Remembering Windsor, Windsor Locks Tornado: 30 Years Later

Most Destructive Tornado in Connecticut History Struck on October 3rd, 1979


    House in ruins following tornado damage in Windsor, CT.

    The strong and violent tornado that hit Windsor and Windsor Locks on October 3, 1979 can be best described as a freak storm. Tornadoes are rare in Connecticut and even more rare are strong tornadoes. Typically "tornado season" in the state is comprised of one or two weak tornadoes that occur in the late spring or early summer. This tornado occurred in early fall (snow fell a week later) in a very unusual weather pattern making this tornado one of the oddest and most damaging to ever hit the state.

    Shortly after 3 p.m. a thunderstorm was racing north right along I-91 and brought flooding rains, high winds, and even hail to the greater Hartford area. When the storm moved into the Poquonock section of Windsor a violent tornado developed along Route 75 and moved north toward Bradley Airport and Suffield.

    Dennis Rice was working at his father's hardware store that afternoon on Route 75 in Windsor. He went across the street to get a cup of coffee shortly before the storm struck and managed to get inside the store once the tornado began, "the windows were buckling back and forth. I put the coffee down and the doors started banging back and forth." The wind blew open the doors, shattered the windows, and sent Rice flying down an aisle in his store.

    Rice was found refuge in between shelves on a display case that toppled onto him. The roof of the store peeled back like a sardine can and the walls collapsed around him. Rice managed to free himself and then ran down Route 75 to the home he grew up in to make sure his family was safe.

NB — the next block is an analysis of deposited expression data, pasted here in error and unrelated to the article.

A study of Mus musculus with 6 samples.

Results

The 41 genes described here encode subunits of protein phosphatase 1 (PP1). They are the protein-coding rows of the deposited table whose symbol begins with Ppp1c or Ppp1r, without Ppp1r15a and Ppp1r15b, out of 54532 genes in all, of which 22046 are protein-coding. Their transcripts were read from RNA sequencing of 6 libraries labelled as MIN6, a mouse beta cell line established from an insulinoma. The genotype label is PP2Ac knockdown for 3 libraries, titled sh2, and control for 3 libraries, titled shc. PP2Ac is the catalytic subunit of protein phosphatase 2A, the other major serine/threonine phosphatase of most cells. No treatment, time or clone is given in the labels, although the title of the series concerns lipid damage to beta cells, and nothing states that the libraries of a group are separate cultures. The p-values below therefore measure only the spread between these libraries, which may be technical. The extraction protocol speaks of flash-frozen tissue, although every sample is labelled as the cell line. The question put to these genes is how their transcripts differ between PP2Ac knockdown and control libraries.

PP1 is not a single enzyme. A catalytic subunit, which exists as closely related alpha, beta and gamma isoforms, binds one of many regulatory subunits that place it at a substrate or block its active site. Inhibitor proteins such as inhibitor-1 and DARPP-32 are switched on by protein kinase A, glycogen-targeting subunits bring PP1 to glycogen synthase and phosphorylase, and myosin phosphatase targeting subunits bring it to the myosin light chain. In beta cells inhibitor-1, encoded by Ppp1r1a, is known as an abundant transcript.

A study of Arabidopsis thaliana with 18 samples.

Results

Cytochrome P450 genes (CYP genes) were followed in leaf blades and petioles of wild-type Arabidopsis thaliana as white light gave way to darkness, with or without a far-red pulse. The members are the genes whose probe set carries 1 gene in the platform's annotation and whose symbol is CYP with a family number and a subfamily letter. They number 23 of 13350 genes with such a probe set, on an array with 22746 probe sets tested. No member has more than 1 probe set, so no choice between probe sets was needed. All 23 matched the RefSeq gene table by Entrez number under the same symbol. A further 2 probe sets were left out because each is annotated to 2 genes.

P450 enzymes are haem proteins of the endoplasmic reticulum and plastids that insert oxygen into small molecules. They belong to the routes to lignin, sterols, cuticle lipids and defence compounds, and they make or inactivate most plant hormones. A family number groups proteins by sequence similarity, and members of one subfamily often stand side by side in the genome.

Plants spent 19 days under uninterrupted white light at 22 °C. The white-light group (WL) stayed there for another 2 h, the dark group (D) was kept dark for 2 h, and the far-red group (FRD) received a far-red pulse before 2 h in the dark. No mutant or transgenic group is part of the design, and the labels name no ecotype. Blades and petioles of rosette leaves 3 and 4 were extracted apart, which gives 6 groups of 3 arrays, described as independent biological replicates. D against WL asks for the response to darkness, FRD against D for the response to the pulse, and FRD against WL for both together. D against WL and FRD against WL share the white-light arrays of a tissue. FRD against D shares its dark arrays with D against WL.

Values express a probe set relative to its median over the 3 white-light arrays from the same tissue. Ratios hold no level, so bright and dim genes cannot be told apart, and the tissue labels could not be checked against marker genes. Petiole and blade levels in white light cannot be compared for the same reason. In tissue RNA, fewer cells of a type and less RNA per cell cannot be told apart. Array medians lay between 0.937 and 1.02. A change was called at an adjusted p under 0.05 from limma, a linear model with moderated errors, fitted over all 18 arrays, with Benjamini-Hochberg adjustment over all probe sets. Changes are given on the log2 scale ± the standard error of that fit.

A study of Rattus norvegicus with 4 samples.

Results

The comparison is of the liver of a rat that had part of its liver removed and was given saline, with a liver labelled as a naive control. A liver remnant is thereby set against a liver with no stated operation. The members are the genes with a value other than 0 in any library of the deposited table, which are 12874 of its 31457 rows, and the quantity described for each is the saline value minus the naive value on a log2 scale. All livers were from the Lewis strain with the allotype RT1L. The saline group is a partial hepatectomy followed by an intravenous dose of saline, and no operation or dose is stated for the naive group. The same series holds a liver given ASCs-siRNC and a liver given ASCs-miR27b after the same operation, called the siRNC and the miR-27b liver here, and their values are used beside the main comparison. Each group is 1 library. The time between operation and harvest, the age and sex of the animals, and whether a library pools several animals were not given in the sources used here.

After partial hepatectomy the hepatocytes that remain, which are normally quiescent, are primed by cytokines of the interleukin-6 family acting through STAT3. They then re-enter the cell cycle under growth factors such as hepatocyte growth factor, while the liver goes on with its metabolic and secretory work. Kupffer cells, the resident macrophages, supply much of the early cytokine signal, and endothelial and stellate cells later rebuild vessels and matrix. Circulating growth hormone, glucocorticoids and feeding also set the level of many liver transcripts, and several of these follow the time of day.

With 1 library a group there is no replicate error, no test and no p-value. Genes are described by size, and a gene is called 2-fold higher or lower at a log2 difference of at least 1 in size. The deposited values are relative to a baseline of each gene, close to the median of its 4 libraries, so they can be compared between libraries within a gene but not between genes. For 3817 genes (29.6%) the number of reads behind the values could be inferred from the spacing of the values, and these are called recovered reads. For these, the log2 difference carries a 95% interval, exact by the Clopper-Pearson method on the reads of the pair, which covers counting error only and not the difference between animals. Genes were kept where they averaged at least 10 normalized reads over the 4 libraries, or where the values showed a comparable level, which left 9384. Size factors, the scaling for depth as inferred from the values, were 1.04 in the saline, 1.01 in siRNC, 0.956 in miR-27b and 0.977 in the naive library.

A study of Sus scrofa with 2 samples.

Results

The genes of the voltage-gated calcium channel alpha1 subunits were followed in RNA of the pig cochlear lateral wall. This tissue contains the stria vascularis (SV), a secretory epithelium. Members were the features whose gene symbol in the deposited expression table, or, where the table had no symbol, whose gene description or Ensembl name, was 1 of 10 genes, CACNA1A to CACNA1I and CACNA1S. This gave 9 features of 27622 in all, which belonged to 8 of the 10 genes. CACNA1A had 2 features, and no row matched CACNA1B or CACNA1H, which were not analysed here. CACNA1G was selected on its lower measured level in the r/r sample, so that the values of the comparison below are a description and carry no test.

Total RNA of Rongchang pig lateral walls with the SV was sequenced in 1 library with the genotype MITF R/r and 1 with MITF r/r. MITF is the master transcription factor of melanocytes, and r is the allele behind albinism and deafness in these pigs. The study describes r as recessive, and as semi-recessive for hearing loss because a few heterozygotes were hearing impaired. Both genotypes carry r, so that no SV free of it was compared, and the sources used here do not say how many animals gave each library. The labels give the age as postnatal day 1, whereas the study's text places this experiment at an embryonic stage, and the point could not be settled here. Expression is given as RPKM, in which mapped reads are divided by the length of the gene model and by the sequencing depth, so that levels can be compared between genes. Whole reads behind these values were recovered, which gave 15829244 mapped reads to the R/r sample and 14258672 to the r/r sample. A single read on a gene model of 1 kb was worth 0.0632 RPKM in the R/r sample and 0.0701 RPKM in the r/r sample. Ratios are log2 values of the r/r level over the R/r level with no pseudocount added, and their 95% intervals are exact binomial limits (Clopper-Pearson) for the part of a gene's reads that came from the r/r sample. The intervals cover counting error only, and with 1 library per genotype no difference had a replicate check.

I Survived A Tornado

    [HAR] I Survived A Tornado
    Survivors of the 1979 tornado tell their stories of survival. (Published Friday, Oct 2, 2009)

    A half mile from Rice Hardware TJ Barresi barely survived the tornado as it barreled north. Barresi was on his way home from middle school with other students walking from his bus stop near the cemetery on Route 75. While walking down Pioneer Drive the rain and thunder picked up in intensity and soon the wind started blowing. Barresi remembers a portion of a tree flying across the the street and knocking him down. Injured, Barresi made his way to a guardrail next to a ditch when the full force of the tornado went over his head, "the scariest feeling I had was when I came to the realization I was all alone. I was by myself. The world around me turned black," he remembered.

    TJ survived with just some bumps and bruises. The tornado was at its strongest when it went over Barresi's head with winds approaching 250 mph. The houses on either side of neighboring streets were completely demolished wiped off their foundations.

    The storm moved north and took out the eastern part of Bradley Airport. Though it was weaker at this time it still tossed planes into the air, destroyed the Air National Guard base and the New England Air Museum. Businesses along Route 75 in Windsor Locks were badly damaged including factories, car rental locations, restaurants, and motels. Damage was in excess of 400 million dollars ranking this tornado as the 6th moist costly in United States history.

    Following the storm the National Weather Service characterized the storm as a "small tornado." Ironically, the National Weather Service was located at Bradley Airport almost directly under the storm's path. The storm came without warning and was a surprise to meteorologists. The description of "small tornado" given to the news media that evening quickly changed to "large and violent" as the true extent of the damage became known. It's estimated that winds approached 250 mph at the storm's strongest point making this tornado the strongest and most costly tornado to strike Connecticut in recorded history.